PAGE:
Biden Proposes $174 Billion Investment in Electric Vehicles
President Joe Biden has unveiled an outline of his infrastructure plan, and it includes a proposed $174 billion investment in electric vehicles
. Without going into details, the investment will include funds to help automakers secure materials for electric vehicle production and converting factories. The summary also confirms that this incentive is only going to be for “American-made” electric vehicles.
This is something which is - quite rightly - at the top of the President’s agenda. It forms part of an ambitious climate change/infrastructure plan which has to be put in place if we are anywhere near meeting the climate change goals we need.
What’s interesting, specifically, about this is that it shows exactly how important Biden thinks electric cars are as a part of the overall infrastructure.
EVPassport Launches Open EV Charging Platform
EVPassport has launched the first open EV charging platform
to lower the barriers to EV adoption and allow brands to strengthen customer engagement.
Consisting of brandable hardware and API oriented software, EVPassport allows organizations to integrate the EV charging experience directly into their existing consumer-facing applications and services – providing customers with a branded EV charging experience that is compatible with any vehicle
Anything which can increase the uptake of EVs is good.
The number one claim that people make when hesitating about buying an electric car is that they don’t know where or how to charge them.
Something like this - which can make it easier for charge point operators to link their chargers to things that EV owners already use (apps, web sites etc.) - will always alleviate that fear and is welcome.
MINI Will Switch to Fully-Electric Vehicles by the Early 2030s
MINI plans to launch more EVs after 2023 when it expects to complete work on a new electric car platform which it is jointly developing with China’s Great Wall Motors. The first model to be underpinned by this new platform is believed to be the next-gen MINI Countryman, which will be sold both with ICE power, as well as a fully electric powertrain
Good news: EV models only from Mini from 2025.
Bad news: Still selling older model ICE cars after that date. Why manufacture them at all? And why isn’t the parent company BMW following suit?
The Race to Zero: Can America Reach Net-Zero Emissions by 2050?
Joe Biden wants zero emissions by 2050, but time is ticking. So how will the country have to change over the next 30 years?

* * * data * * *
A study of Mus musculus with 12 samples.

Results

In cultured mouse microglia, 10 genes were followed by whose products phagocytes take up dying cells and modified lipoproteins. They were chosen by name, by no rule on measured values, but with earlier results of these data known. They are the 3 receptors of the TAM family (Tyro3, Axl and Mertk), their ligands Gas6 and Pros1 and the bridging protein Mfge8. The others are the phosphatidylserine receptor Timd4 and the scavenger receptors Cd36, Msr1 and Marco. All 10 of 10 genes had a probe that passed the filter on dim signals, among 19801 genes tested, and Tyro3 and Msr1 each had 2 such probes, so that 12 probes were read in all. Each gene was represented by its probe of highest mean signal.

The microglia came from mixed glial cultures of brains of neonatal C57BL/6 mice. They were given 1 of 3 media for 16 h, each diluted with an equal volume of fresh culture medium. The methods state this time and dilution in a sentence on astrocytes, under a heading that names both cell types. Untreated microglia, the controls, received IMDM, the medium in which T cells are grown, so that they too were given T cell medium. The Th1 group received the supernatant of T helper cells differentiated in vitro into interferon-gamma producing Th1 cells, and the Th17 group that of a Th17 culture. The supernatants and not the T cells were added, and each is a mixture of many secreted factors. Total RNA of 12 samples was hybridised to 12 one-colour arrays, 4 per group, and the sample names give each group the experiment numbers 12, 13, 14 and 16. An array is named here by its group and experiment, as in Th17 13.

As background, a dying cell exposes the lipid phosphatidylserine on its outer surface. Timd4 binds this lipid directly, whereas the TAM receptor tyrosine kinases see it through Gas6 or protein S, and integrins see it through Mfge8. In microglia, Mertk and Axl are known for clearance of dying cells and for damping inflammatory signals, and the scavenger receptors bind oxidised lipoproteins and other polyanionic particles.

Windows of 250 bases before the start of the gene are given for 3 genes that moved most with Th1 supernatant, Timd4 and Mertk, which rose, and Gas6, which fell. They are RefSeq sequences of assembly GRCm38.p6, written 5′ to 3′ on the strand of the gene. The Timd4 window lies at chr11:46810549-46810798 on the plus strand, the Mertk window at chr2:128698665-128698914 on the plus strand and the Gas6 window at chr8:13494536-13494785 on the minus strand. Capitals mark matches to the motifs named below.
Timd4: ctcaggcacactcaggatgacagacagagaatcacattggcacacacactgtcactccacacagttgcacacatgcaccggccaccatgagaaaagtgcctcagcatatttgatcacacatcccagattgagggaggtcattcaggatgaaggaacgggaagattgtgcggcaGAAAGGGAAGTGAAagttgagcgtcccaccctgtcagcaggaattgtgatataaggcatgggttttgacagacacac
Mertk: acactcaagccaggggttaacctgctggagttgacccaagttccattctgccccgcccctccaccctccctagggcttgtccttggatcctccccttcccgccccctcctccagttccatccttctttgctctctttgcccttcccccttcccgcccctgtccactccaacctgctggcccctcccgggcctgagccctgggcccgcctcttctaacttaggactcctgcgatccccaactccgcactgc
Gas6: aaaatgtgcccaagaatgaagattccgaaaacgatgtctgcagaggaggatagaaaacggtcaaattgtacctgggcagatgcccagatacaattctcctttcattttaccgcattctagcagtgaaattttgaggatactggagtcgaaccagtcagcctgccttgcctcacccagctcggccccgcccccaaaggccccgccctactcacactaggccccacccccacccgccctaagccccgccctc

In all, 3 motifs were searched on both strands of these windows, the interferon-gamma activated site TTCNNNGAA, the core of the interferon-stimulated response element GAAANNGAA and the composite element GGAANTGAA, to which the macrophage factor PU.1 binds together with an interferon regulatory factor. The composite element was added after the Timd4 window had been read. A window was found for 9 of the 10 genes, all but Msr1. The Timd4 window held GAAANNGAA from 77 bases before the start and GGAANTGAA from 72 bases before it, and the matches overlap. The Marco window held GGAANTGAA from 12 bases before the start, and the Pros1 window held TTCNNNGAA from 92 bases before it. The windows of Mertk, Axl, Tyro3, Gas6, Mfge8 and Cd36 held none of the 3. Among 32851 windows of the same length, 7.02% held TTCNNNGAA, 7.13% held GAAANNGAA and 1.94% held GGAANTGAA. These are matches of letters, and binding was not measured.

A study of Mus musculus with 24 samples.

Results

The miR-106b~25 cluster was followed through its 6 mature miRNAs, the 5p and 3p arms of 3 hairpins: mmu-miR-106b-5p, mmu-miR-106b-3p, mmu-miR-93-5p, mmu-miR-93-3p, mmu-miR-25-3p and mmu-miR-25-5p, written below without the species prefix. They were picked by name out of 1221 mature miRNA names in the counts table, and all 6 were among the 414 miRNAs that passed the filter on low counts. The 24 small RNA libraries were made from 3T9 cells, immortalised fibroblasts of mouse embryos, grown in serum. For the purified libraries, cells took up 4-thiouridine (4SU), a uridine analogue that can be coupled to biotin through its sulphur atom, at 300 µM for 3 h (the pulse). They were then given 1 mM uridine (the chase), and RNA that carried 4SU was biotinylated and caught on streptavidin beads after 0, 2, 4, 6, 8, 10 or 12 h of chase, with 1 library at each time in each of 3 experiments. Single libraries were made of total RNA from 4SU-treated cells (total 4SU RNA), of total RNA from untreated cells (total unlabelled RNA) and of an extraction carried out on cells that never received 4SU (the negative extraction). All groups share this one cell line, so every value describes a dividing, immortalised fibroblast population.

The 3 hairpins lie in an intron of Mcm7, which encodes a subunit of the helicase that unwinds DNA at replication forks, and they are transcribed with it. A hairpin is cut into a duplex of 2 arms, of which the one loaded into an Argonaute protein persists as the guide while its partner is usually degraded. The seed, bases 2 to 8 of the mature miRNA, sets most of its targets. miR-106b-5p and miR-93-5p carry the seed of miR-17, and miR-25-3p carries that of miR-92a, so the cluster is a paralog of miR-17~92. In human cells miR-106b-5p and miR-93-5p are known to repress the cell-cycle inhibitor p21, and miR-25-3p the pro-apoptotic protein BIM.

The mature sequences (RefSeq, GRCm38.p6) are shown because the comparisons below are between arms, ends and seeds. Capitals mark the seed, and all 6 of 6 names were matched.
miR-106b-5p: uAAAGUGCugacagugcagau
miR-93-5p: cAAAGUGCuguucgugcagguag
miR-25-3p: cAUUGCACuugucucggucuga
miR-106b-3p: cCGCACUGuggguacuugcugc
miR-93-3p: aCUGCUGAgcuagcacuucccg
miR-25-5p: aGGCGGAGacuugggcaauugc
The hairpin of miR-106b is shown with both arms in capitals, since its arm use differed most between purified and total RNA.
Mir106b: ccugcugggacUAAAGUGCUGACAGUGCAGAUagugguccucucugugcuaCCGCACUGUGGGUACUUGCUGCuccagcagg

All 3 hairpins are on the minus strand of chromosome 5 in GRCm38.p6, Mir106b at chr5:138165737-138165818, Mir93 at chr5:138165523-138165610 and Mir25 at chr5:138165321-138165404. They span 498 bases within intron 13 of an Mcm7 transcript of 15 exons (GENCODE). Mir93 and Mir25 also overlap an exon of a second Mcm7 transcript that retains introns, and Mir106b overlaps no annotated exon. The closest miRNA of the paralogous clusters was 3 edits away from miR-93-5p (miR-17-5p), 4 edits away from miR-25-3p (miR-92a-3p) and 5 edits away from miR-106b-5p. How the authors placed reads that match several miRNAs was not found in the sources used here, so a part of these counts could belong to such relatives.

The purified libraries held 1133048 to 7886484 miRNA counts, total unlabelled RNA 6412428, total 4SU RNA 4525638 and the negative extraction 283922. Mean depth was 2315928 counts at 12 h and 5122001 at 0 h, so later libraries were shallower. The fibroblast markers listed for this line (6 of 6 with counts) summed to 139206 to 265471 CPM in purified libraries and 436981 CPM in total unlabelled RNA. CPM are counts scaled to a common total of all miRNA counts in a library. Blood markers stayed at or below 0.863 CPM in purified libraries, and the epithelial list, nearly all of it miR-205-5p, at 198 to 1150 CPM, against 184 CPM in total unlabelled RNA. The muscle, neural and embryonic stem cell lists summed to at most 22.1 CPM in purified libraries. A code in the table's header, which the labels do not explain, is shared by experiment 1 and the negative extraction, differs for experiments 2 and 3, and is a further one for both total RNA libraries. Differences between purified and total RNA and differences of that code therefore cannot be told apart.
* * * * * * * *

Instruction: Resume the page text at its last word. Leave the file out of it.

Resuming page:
If America finally weans itself off planet-heating emissions, the country will look and feel very different.
It’s an appealing vision, according to Eric Larson, a senior research engineer at Princeton University. “In general, it will be a more pleasant place to be living in when we get to net-zero emissions,” he said. “We will have cleaner air and will have done our part to avoid disastrous climate change. That’s a good thing for us and the rest of the world.”
Many people decry the cost of going to zero carbon (or net-zero, whichever they wish to pursue). They seem to think that this money is too much for a country to deal with. Alternate arguments are that the money could be used in a much better way (Universal basic income is mentioned, or paying off student debt). Whilst these points are valid, they are all fallacious arguments. This is for one very simple reason. The price of NOT doing these things is an order of magnitude higher than doing then.
It is literally a case of ‘pay me now or pay me much more later’.
Sure, there are details and final figures that can be finagled - do we really need to spend $25B per decade for new charger sockets? - but as a whole, the money is something that needs to be provided. Opponents can argue and debate about the timing of some of these things - will we need to focus on wind ahead of solar, or solar ahead of wind? What is the timeline for scaling back on gas and oil for things such as heating? - but at the end of the day, these are, more or less, immoveable goals. They have to be done.
The greenwashing taking place by some oil and gas corporations is contributing to this feeling that the problem is being overblown, the timelines are overly aggressive and the money is too much.
This has to stop.
The Battery That Will Finally Unlock Massless Energy Storage
This is, of course, still something in the lab stage and there is a long way to go until it gets to the stage of being incorporated in vehicles.
Fundamentally using the battery as part of the structure makes sense. It reduces the overall weight of the vehicle.
My question is what happens in an accident? Obviously, there’s the risk of a short circuit and the battery catching fire (although this risk is very much overblown). But secondly, there’s the cost issue. Batteries are still expensive (even at $100 per kWh which is where they’re heading). So if there’s an accident with structural damage to the ‘chassis’ of the car this will - by definition - be damage to the battery. How will these replacements happen? Can we just take a few cells that are damaged and replace them? What about if the damage is quite extensive? Would a write off be more likely on a car like this because of the embedded cost of the batteries in the structure?
This will certainly have an impact on insurance rates.